Moss, Pamela. “Can There Be Validity Without Reliability?” (7 pages) AW
Moss questions whether there can be validity without reliability. Despite the commonly touted axiom that there can be no validity without reliability (not vice versa), the simple answer to her inquiry is yes, there can be validity without reliability. She evidences this claim by looking critically at how we understand reliability in relation to assessment. As she notes, at the core of reliability is consistency in examinee performance. Consitency among independent observers (interrater reliability, specifically) requires a significant level of standardization. However, such high levels of standardization is often not sought out in many assessments.
She frames her discussion in a hermeneutic approach to assessment: “hermeneutics characterizes a general approach to interpretation of meaning reflected in any human product, expression, or action, often referred to as a text or ‘text analog’” (85). The hermeneutic approach seeks to understand the whole in light of its parts. She places particular attention to critical or depth hermeneutics which refers to the “importance of considering social dynamic that may distort meaning” (86): “a hermeneutic approach to assessment would involve holistic, integrative interpretations of collected performances that seek to understand the whole light of its parts, that privilege readers who are most knowledgeable about the context in which the assessment occurs, and that ground those interpretations not only in the textual and contextual evidence available, but also in a rational debate among the community of interpretants” (86).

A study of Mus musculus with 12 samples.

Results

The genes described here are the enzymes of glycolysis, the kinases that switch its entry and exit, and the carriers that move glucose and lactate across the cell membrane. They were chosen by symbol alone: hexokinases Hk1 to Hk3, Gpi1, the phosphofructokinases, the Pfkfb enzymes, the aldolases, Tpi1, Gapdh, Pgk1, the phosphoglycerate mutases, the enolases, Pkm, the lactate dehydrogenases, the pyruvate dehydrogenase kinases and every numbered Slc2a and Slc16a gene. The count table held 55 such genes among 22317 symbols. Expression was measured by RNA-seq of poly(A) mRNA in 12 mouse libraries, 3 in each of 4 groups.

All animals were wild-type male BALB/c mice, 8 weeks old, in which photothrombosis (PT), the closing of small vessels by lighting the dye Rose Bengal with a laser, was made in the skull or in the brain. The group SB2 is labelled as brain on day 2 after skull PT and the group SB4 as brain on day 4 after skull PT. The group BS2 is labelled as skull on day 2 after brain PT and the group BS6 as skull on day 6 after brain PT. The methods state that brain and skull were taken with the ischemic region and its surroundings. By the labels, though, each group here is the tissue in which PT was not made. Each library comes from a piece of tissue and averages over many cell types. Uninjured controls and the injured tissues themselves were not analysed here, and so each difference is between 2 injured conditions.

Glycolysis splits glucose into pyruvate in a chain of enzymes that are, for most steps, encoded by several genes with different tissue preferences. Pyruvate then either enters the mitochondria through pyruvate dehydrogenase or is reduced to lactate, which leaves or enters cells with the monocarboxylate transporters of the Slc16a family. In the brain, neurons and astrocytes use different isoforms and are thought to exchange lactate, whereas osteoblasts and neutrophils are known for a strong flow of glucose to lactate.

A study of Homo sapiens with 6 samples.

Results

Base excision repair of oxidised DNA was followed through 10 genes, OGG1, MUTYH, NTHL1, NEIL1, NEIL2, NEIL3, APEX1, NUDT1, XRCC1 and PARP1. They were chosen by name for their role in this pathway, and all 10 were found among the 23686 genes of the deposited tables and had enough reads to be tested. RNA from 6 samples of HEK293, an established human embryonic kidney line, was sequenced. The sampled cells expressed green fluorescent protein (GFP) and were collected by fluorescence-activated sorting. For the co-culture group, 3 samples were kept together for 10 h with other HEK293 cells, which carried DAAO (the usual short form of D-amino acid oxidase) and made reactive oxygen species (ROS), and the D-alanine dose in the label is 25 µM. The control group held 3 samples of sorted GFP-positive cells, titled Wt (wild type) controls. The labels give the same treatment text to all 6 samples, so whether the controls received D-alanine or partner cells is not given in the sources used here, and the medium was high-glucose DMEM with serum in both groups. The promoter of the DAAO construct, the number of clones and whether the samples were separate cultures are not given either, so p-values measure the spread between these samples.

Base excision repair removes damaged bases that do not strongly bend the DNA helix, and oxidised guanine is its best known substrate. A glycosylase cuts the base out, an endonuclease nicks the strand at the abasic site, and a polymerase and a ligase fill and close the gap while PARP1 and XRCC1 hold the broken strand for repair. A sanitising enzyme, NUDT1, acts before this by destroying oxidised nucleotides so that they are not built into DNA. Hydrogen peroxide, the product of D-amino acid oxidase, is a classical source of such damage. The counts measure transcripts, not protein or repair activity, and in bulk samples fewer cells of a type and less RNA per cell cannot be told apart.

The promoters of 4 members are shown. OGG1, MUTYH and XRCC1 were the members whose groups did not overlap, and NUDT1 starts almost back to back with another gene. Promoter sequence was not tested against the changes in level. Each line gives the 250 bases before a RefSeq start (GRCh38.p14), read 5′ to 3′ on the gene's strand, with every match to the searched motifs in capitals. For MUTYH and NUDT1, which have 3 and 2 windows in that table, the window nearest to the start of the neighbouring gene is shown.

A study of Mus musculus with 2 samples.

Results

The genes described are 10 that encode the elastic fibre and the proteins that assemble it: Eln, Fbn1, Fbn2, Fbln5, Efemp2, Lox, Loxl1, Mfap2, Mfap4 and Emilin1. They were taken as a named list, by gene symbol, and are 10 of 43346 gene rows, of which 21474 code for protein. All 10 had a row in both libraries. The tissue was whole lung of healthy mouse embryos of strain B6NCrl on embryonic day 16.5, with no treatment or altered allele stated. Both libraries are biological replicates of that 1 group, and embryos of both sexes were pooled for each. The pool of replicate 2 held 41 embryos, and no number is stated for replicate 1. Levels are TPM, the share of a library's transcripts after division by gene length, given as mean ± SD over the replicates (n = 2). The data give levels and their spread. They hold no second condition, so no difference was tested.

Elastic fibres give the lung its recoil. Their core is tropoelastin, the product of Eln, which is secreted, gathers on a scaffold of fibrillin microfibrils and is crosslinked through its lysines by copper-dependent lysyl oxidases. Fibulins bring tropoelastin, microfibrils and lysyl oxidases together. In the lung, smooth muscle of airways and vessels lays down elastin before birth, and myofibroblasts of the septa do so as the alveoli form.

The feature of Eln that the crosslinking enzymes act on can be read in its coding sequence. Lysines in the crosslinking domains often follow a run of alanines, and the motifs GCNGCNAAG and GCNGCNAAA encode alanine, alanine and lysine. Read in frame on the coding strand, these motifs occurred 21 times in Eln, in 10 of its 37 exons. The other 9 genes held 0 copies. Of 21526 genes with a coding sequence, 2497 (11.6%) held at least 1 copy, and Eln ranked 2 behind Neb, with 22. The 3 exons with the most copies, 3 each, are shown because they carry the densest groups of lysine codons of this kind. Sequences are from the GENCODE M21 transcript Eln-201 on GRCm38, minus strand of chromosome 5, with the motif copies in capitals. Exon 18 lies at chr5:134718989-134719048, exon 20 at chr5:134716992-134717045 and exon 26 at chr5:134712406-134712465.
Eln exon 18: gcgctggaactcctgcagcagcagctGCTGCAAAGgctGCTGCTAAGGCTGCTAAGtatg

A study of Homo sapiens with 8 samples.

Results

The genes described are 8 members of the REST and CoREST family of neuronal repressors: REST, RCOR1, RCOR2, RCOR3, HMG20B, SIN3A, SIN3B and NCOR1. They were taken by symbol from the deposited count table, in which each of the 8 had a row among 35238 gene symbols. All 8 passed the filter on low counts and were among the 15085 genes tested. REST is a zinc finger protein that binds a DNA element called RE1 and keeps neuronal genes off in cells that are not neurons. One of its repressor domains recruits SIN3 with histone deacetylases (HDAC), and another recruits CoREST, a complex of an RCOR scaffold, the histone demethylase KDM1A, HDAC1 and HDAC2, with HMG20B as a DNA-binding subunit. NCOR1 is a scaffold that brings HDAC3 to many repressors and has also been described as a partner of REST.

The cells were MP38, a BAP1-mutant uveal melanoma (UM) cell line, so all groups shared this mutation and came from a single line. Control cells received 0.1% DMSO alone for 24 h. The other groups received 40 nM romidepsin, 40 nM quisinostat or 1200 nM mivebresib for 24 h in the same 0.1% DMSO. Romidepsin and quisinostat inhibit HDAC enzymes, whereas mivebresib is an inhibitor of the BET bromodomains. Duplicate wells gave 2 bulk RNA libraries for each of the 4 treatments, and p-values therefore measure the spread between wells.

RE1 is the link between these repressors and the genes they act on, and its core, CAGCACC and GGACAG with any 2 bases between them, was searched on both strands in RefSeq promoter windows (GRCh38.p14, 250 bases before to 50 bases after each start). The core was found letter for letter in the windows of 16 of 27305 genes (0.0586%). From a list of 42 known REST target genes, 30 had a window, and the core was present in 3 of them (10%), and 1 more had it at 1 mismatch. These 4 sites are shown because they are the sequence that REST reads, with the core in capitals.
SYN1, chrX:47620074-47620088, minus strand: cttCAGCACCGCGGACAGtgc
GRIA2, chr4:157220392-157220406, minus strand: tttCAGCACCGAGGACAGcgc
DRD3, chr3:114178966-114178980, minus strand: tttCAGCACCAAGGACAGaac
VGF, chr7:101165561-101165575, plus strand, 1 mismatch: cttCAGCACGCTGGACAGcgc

When looking at hermeneutics, we also likewise look toward interpretive communities (see: Stanley Fish). Decisions are often based on the consensus or compromise of community discussions; members often include people form a variety of expertise or credentials in order to “cover the knowledge and political bases that a thoughtful decision requires” (87). In this case, there is no reliability among raters; however, such discussions “construct a coherent interpretation of the collected performances” where interpretations are continually revised “until they account for all of the available evidence” (89). She continues succinctly, “inconsistency in student performance across tasks does not invalidate the assessment. Rather, it becomes an empirical puzzle to be solved by searching for a more comprehensive or elaborated interpretation that explains the inconsistency or articulates the need for additional evidence” (89).
To summarize, Moss sees inconsistency as a source or prompt for further dialogue and discussion which can be valid and desirable for some assessment decisions.